Will customers still want to own self-driving cars?

Rolls royce

Predicting who will own self-driving cars takes us to the complicated intersection of the connected, automated, shared and electric megatrends.

For anyone born last century, a car will be the second most expensive thing they ever buy, after a house. Hearts often overrule heads, and the sage advice of oil baron Paul Getty – “If it appreciates, buy it. If it depreciates, lease it” – is dismissed for the love of a particular model in the best colour.

These days, thanks to finance products such as Personal Contract Purchase, customers get the best of both worlds – the option after three years to purchase outright or return it to the lender, and repeat. No wonder the UK vehicle parc (including every vehicle type going) hit an all-time high of over 41 million last year.

What the stats say

However, within the latest set of SMMT new car registration figures – April saw the 21st consecutive monthly increase – there was a notable trend: the growth was driven entirely by fleets, with both private buyer and business registrations well down. What’s going on?

A 2023 McKinsey Mobility Consumer Pulse survey of 4,000 French, German and UK respondents provides a clue. It found that 60% owned a car, and 80% had regular access to one – an important distinction as demographics come into play.

As Doug Jenkins, Motor Technical Risk Manager at AXA Insurance, has pointed out: “In my day, passing your test and getting your first car was all about mobility. Young people still want to get from A to B, but they want choices – they’re not so worried about ownership.”

Temporary car insurance provider, Cuvva, provides some compelling statistics: the average car owner in outer London will spend £3,502 a year on running costs alone (insurance, fuel, MOT, tax and maintenance), and 31% of London car owners use their vehicle less than 10 times a month.

The unsurprising result is, as Andrew Smith, Managing Director of vehicle rental firm Sixt, told The Telegraph recently: “We see customers now who come to us every Friday and rent a car just for the weekend.”

How autonomous could drive change

So, less outright ownership and better short-term access options already. Now, let’s turn our attention to how self-driving might change the game.

In his April 2024 industry update, Scaling Self-driving Technology on the Path to Ubiquity, the CEO of Oxa, Gavin Jackson, wrote: “There’s disagreement over the sectors to focus on first, and no international consensus yet on what constitutes a safe autonomous vehicle system.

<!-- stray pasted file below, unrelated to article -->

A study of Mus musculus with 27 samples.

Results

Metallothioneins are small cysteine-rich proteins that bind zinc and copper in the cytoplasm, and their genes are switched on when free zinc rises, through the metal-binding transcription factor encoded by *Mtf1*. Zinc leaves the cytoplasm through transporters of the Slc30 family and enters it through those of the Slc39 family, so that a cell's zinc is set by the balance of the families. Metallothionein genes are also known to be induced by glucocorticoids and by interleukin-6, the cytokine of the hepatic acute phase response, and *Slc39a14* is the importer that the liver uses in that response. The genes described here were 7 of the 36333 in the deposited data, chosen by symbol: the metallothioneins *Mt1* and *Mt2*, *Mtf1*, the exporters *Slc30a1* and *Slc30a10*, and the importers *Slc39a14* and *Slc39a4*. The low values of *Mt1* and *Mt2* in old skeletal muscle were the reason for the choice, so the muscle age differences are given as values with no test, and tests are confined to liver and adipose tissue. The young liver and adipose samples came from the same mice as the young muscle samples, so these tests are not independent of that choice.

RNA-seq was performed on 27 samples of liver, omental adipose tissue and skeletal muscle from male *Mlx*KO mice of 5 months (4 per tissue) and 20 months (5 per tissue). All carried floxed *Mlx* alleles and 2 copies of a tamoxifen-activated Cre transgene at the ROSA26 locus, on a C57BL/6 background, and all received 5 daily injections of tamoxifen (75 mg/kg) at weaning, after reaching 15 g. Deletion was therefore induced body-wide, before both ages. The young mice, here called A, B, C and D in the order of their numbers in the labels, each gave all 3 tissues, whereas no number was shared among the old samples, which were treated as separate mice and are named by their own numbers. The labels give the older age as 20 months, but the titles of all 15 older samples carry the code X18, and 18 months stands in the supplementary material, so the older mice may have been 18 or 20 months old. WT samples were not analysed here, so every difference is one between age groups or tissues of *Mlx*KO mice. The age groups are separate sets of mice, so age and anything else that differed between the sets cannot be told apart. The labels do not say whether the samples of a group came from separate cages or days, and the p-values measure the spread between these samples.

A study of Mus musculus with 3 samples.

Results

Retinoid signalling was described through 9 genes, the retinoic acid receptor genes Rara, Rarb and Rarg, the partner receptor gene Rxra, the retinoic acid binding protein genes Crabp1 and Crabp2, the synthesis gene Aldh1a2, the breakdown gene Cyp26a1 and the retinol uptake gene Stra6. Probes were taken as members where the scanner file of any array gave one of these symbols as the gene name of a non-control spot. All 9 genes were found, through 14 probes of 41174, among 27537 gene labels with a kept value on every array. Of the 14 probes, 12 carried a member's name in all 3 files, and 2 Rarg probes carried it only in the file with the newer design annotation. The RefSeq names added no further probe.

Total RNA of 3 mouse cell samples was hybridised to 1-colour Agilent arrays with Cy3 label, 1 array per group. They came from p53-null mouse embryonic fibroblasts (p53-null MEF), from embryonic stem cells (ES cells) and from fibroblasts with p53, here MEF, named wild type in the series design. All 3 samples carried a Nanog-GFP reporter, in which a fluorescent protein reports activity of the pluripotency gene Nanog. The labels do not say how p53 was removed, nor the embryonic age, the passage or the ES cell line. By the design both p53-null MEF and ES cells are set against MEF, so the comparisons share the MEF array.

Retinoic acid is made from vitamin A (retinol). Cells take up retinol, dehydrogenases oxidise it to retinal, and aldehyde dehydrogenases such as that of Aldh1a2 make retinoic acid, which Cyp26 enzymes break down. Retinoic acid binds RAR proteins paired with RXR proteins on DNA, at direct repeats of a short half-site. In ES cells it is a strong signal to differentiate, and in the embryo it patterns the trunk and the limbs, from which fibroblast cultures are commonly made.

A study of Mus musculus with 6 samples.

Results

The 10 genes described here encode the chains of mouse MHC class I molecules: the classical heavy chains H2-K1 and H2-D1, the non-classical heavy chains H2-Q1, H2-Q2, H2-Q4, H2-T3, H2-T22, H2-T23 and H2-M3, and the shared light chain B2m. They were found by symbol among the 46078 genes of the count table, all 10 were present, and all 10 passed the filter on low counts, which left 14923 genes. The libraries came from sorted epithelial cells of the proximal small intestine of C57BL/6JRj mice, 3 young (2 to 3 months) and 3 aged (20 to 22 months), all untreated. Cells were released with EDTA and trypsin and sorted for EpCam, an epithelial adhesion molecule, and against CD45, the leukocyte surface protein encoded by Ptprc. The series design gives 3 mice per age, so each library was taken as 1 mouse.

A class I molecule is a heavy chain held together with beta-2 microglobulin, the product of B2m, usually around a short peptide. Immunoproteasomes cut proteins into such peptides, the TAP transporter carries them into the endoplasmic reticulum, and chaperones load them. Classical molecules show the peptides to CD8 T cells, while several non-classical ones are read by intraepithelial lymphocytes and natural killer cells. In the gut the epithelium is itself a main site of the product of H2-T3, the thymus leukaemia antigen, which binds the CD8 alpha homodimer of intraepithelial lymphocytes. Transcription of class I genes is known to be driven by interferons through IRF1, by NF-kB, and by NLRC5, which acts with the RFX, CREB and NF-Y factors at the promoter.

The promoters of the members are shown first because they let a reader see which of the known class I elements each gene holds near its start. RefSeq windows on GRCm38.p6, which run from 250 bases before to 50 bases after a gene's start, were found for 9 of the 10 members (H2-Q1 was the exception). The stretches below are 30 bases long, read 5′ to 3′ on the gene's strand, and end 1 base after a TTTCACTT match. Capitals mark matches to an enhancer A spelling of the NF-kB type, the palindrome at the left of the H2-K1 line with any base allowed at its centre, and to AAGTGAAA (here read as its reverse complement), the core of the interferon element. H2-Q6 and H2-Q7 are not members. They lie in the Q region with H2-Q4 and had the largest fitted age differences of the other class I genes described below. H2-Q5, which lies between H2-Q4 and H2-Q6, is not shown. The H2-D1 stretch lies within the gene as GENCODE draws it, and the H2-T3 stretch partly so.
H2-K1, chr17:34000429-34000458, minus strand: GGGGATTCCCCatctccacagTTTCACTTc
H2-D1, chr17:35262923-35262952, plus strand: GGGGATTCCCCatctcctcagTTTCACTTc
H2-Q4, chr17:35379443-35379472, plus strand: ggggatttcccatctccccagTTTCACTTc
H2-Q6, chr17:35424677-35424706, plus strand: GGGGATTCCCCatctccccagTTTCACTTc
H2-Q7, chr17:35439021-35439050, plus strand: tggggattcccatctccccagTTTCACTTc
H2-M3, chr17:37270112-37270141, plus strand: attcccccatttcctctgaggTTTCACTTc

“Momentum, however, is picking up. The UK is about to deliver a new Automated Vehicles Act that will lead to regulations overseeing the in-use safety of vehicle fleets, and a host of other things.”

Two important takeaways there. First, the ubiquity; once self-driving tech is proven, it will be everywhere – from privately owned cars to vans, buses and HGVs. Second, the emphasis on fleet.

To answer the question directly, large numbers of self-driving cars will be owned by robotaxi companies (those with a UK No User-in-Charge operator licence, as per the Law Commission’s recommendations).

These vehicles will be utilitarian, but rarely set pulses racing. That’s why experts like Steve Gooding, of the RAC Foundation insists that self-driving will not signal the end of personal ownership, far from it.

“Are you really going to ditch all those bespoke choices, and the convenience of knowing the car is at your personal beck-and-call, because you’re going to be able to summon a self-driving vehicle?” Gooding asks.

Self-driving cars will clearly be an attractive proposition for those currently unable to drive. Ownership patterns will be different in urban and rural areas, and there could well be regulatory curveballs like road charging or incentives for multi-occupancy.

In any case, those with the deepest pockets will still treat themselves to amazing cars – think Rolls-Royce 103EX. For the majority, as with electric vehicles, fleet operators and leasing companies will shoulder much of the early adopter risk.